The LIFE-funded LaserFence project, led by Liverpool John Moores University, started in September 2016 with the aim of testing a modified bird-scaring laser device on mammalian pests. The original device, developed by Bird Control Group in the Netherlands, works simply by projecting a small green disc onto the ground close to the target birds; the movement of this disc is sufficient to scare the birds away. If the new Laser Fence system can be adapted to have a similar effect on certain mammals, it might provide a simple alternative to less desirable or more expensive options, such as poison baits and permanent fencing.
The trials are still ongoing but already we have learnt a lot. At GWSDF trials with the handheld device have shown that around 20% of rabbits respond to the laser and it doesn’t make any difference how the laser is moved around. This is relatively low compared to the response amongst birds and future trials are focused on trying to increase this. We have also found that low-powered laser emissions can deter rabbits under low-light conditions – an encouraging result as such a device would have more flexible applications than the higher-powered version, which has restrictions on its use.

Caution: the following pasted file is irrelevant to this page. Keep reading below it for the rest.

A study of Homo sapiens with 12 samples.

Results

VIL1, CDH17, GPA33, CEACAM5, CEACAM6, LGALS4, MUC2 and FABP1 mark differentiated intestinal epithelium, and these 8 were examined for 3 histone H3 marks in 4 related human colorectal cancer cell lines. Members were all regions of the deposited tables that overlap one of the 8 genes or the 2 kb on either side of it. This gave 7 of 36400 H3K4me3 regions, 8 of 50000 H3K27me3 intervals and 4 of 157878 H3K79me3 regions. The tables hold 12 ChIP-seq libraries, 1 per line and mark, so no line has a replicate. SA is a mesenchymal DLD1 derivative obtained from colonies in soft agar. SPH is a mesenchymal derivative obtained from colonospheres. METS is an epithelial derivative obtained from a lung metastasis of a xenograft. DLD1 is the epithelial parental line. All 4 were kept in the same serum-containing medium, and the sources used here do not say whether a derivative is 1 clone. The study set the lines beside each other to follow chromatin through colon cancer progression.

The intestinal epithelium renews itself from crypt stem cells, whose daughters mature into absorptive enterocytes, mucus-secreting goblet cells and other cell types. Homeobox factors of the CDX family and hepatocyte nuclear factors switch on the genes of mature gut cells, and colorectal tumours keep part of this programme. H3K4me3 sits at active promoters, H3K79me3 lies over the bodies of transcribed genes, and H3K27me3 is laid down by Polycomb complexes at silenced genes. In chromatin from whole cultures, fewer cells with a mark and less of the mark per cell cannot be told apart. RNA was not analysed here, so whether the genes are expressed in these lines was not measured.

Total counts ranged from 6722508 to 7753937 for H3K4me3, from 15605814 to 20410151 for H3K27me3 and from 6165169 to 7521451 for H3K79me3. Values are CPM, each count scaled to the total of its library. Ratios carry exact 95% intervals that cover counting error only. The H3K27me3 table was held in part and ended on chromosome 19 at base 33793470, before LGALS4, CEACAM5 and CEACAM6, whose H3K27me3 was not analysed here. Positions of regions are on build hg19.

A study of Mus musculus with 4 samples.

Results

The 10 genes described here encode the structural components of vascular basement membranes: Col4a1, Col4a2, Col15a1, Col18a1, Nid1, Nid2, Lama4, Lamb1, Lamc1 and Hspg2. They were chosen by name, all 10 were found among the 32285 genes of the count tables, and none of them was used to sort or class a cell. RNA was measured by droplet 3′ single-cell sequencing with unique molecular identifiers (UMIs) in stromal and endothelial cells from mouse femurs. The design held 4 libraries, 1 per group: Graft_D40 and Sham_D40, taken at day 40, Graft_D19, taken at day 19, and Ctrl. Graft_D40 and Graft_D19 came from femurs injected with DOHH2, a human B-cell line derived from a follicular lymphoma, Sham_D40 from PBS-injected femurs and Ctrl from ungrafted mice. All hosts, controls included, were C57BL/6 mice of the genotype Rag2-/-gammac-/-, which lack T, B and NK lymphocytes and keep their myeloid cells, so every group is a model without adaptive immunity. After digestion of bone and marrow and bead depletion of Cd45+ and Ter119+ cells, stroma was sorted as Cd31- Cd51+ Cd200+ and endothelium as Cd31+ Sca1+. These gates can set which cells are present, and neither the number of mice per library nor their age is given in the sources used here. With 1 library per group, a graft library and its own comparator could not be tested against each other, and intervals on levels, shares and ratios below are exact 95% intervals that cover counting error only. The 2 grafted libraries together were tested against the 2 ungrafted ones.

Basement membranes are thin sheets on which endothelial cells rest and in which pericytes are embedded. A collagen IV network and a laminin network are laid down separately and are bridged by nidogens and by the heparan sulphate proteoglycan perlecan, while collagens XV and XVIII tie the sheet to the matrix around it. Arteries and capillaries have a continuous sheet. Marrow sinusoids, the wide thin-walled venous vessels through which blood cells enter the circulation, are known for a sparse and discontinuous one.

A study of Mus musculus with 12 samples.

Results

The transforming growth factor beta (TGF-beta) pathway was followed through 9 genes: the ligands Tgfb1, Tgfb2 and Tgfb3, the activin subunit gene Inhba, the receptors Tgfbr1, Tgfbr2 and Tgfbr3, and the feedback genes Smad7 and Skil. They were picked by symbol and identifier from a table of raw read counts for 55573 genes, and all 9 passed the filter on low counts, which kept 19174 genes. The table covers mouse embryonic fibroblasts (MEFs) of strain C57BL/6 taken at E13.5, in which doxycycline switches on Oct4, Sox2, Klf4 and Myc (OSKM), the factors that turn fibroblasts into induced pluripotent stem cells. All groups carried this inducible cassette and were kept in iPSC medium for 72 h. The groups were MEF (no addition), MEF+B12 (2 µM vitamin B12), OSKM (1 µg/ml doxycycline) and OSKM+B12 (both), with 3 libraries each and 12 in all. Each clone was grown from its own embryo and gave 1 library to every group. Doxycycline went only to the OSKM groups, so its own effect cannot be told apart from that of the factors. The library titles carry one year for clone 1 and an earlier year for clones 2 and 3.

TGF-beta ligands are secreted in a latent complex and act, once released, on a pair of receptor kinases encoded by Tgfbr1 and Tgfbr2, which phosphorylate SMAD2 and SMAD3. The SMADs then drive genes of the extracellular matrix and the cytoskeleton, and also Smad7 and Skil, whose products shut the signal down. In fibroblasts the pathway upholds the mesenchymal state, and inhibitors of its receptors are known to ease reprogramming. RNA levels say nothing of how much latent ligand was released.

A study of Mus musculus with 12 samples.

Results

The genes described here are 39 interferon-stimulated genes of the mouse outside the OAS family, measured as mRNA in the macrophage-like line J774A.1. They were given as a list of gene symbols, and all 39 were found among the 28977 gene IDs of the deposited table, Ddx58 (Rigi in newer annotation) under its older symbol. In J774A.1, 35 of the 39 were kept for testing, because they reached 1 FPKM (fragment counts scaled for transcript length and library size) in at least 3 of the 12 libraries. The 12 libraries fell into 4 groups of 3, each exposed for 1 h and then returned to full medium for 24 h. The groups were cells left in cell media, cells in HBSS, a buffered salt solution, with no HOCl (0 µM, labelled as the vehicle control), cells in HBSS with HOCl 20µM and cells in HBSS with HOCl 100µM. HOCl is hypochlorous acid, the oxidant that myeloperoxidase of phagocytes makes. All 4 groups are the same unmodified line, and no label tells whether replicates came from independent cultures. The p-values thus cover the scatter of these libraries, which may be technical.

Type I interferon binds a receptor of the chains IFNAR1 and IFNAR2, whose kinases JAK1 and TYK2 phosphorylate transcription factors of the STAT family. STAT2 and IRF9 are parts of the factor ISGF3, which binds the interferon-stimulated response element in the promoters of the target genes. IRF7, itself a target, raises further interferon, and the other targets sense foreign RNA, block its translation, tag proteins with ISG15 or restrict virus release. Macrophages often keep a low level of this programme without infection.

Results from some of the other partners are promising too, with squirrels altering their foraging behaviour in response to the laser such that they reduce the amount of time at feeders and delay their return: not the most exciting finding perhaps but an important component that helps us understand the complex behavioural responses these animals are making.
We recently held a partner meeting and a technical seminar at the University of Seville, where we exchanged ideas with researchers from the Higher Technical School of Agricultural Engineering and learnt how the lasers are being used by the project partners in Andalucía in an attempt to protect rice and olive crop
LIFE LaserFence (LIFE15 ENV/UK/000386)
Laser systems for the prevention of food chain poisoning and minimisation of chemical exposure to the environment.